President Barack Obama said the U.S. and Turkey can forge a model partnership of secular democratic nations to bridge the divide between Muslim nations and the West.
In his address to the Turkish parliament Monday, Mr. Obama said the predominantly Muslim country is not where East and West divide, it is where they come together.
He expressed strong support for Turkey's bid to become a European Union member, calling Ankara a "resolute ally and responsible partner" in trans-Atlantic and European institutions.
The war in Iraq has strained relations between the NATO allies in recent years. Washington is looking for Turkish help as it expands its campaign in Afghanistan.
Mr. Obama said the United States and Turkey both are threatened by terrorism, and that they must work together to tackle extremism, weapons proliferation and the economic crisis.
He pledged support for Turkey's fight against PKK Kurdish militants, and he applauded Ankara's efforts to lift bans on teaching and broadcasting Kurdish.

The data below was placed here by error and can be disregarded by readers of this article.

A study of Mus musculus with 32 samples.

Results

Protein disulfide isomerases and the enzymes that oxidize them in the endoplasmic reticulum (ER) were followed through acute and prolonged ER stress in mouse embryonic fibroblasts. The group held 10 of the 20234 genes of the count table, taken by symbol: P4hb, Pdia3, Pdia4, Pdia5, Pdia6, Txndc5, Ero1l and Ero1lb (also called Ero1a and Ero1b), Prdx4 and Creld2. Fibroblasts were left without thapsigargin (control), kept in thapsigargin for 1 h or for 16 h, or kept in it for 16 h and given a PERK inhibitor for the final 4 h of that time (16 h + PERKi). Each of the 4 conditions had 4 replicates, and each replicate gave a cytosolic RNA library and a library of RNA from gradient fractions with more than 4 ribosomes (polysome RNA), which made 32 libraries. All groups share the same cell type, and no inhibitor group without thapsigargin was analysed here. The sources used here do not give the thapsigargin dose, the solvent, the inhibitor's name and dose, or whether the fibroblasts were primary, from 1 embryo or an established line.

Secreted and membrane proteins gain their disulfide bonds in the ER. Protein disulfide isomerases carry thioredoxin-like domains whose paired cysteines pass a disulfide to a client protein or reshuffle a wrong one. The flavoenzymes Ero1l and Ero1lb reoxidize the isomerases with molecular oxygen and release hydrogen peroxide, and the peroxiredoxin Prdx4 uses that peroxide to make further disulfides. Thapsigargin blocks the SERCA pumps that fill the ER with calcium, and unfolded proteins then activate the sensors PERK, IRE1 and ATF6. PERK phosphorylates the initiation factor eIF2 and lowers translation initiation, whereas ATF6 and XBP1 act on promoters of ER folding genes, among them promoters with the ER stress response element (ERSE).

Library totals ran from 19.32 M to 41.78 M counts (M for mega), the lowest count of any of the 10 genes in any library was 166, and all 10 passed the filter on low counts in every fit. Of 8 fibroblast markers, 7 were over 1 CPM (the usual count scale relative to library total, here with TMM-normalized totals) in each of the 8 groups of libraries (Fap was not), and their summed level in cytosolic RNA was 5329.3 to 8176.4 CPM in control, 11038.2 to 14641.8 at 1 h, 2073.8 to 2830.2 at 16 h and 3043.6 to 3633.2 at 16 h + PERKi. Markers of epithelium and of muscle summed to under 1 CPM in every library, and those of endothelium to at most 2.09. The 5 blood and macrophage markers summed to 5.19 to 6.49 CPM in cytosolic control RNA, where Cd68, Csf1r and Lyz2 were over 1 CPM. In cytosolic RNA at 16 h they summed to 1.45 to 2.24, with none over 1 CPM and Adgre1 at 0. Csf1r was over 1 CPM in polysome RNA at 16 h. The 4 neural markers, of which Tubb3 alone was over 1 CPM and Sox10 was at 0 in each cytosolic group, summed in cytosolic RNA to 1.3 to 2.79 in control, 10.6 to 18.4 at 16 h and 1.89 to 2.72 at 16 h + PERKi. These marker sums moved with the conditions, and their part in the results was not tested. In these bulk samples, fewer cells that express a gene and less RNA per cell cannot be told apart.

At a news conference with Turkish President Abdullah Gul, Mr. Obama addressed Turkey's long-contentious relations with Armenia.
Asked if he had changed his view that the killing of Armenians by Ottoman Turks early last century was genocide -- a charge Ankara rejects -- Mr. Obama replied that he had not. But he added that Washington should not interfere in any negotiations between Turkey and Armenia on that issue.
President Gul said the matter is a historical issue, not a legal one, but that Turkey would welcome an investigation into the question, and that he would accept the findings.
Mr. Obama also said the U.S. supports a resolution of the status of Cyprus, which is divided between ethnic Turks and Greeks.
While in Turkey, the U.S. president also is meeting Prime Minister Recep Tayyip Erdogan.
Turkey is the final stop on Mr. Obama's European tour, which included an economic summit in London last week, NATO meetings in France and Germany, and an EU-U.S. summit in the Czech Republic.